At this point it’s too soon to be sure, but the question is definitely on investors’ minds.

What's the Deal with Alabama Graphite's 'Natural Graphene'?

The graphite space is known for unusual discoveries, and Wednesday brought one that’s particularly unique: Alabama Graphite (TSXV:ALP) has found “naturally occurring flake graphene” at its Alabama-based Coosa property. 

The news is raising eyebrows — and Alabama Graphite’s share price — in large part because no other company has ever claimed to have found natural graphene. Indeed, graphene is known for its origins in the lab. The 2D material was first produced in 2004, when two professors at the University of Manchester used Scotch tape to peel flakes of graphene off a chunk of graphite.

Other methods of producing graphene do exist, and not all of them require natural graphite; just as synthetic graphite exists, so too does synthetic graphene. However, researchers have struggled to produce the material in a way that is both scalable and economically viable.

It’s thus understandable that those in the space have been left reeling by Alabama Graphite’s announcement. The following Tweet perhaps sums up the excitement many are likely feeling:

That said, some may also be wondering if the news is the real deal. After all, graphene is a known buzzword, and it wouldn’t be the first time a company has invoked it to incite a share price rise.

Looking at the company’s press release, it’s tough to answer that question. It shows a picture of a “moderately-sized [<5 μm] single crystal flake of graphene” from Coosa, and notes that it “is observed with a clearly visible carbon atom arrangement at high resolution.” It also states, “[t]hese flakes demonstrated very high quality Raman spectral features,” and explains that bi-layer and multi-layer graphene were observed in samples analyzed.

That’s not a lot to go on, but CEO Ron S. Roda is definitely optimistic. “We believe that the discovery of naturally occurring single and multi-layer graphene, on the Coosa Property opens a completely new and unique business dimension for the Company,” he said Thursday, adding, “[t]he biggest challenge today for commercial viability of graphene is cost. This presents a very exciting opportunity for our Company.”

Meanwhile, Dr. Nitin Chopra of the University of Alabama, who obtained the graphene from Coosa using an “innovative and cost effective process” as part of a sponsored research program, said, “emerging technologies using graphene could greatly benefit from a cost effective processing methodology, with the potential for improved economics and increased production levels relative to any of the current methods used to create synthetic graphene. The work done on the Company’s material has the potential to enhance the process of producing scalable, nano-manufactured graphene and graphene-based derivatives.”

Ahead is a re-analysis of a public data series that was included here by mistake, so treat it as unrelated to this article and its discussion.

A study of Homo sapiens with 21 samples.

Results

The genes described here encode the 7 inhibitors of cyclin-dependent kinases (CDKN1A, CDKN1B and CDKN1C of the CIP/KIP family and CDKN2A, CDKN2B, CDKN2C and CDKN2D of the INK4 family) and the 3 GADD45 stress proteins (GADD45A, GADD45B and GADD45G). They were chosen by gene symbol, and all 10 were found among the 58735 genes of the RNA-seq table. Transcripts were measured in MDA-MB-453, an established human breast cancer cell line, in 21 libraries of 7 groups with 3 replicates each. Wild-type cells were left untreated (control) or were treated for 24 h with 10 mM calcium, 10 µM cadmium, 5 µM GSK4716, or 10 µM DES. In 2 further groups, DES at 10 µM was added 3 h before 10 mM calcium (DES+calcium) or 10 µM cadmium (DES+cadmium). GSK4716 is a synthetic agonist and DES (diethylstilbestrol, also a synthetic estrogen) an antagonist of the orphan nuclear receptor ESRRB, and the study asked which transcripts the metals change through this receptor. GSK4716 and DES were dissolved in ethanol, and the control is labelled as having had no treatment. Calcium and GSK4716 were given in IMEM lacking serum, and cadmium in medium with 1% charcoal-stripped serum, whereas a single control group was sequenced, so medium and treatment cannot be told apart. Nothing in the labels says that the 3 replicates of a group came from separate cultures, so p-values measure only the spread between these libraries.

As yet there’s been little commentary on what the news may mean for the industry, though Investor Intel’s Peter Clausi speculates that “[i]f AG is right, the world may have its cheap source of graphene, and the scientists from around the world will flock to ‘bama to get a sample. Applied practical research and the roll-out of new products will follow. Existing companies that sell products based on old technology will have to adapt or die.”

No doubt more commentary will follow, perhaps accompanied by further explanation from Alabama Graphite itself. For now, the company has only said that it continues to “jointly develop methodologies to isolate graphene and graphene-based applications” with Dr. Chopra.

(Update: Chris Berry of House Mountain Partners and the Disruptive Discoveries Journal published an article Friday that looks at what exactly Alabama Graphite’s press release means. In his opinion it’s “not the graphene find that is really significant (we don’t yet know how prevalent it is in the deposit) — it’s the process used.” In other words, the methodology used to get it out of the ground is the key consideration.) 

At close of day Thursday, Alabama Graphite’s share price was up 31.58 percent, at $0.25. The company’s share price has seen a 47.06-percent rise since the beginning of 2015. Requests for comment from the company had not been returned at time of publication.


Securities Disclosure: I, Charlotte McLeod, hold no direct investment interest in any company mentioned in this article. 


Despite its exciting applications, graphene is not currently widely used, and cost is a key reason why. Here’s a look at the factors that impact graphene cost.

Graphene has the potential to spur advances in a variety of sectors, from transport to medicine to electronics. Unfortunately, the high graphene cost of production has slowed commercialization.